Zucker, A., & Kozma, R., with Yarnall, L., & Marder, C. (2003). The virtual high school: Teaching generation V. New York: Teachers College Press.
This book is a definitive study of an important emerging phenomenon: the use of virtual learning environments in U.S. pre-college education. The emphasis of The Virtual High School is on the most intensive example of K-12 learning-across-distance: virtual high school courses and programs. As the following chapters describe, the Virtual High School model (VHS) the authors studied is representative of the best aspects in distance education initiatives that now involve dozens of online schools and tens of thousands of students.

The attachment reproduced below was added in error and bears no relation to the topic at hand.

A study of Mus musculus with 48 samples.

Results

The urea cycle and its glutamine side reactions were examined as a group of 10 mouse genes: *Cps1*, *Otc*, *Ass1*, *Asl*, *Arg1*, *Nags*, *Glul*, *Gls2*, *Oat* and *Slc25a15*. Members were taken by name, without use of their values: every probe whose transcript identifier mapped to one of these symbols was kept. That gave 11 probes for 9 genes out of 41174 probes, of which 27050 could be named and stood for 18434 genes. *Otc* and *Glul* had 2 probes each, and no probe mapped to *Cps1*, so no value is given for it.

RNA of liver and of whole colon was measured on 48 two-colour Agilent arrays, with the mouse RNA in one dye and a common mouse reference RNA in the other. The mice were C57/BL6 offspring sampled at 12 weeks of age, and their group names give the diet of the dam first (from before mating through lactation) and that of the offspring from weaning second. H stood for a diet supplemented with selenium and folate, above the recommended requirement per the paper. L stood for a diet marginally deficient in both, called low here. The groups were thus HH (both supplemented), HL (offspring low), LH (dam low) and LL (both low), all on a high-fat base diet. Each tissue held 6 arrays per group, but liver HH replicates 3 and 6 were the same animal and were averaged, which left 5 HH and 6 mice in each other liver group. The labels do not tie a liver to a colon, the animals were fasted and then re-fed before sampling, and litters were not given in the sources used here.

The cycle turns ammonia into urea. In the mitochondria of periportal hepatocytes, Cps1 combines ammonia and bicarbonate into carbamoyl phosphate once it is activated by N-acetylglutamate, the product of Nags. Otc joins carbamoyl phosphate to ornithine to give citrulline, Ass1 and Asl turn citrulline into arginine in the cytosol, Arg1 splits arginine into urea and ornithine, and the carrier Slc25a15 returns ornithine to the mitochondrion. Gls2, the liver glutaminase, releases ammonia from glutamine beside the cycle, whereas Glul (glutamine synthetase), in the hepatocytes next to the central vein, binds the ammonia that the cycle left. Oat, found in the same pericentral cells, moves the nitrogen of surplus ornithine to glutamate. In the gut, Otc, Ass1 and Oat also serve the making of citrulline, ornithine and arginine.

The organizations promoting these initiatives are varied. Many virtual high schools are encouraged and supported by the states in which they are located; quite a few began through substantial amounts of federal funding. Some programs are a product of private enterprise, while regional consortia sponsor others. These education improvement efforts parallel comparable innovations occurrent on an even broader scale in American higher education.
At the college level, where institutions can focus on learning without also having to fulfill the socialization and custodial care mandated for K-12 education, dramatic claims are being made about how much the advent of virtual teaching and learning will undercut face-to-face educational experiences.Thus far, most of these predications are unfulfilled, but even critics conceded that distance-learning experiences are a permanent addition to the fabric of higher education. This book explores the possibility that similar structural shifts leading to the routing inclusion of learning-across-distance may develop in K-12 settings.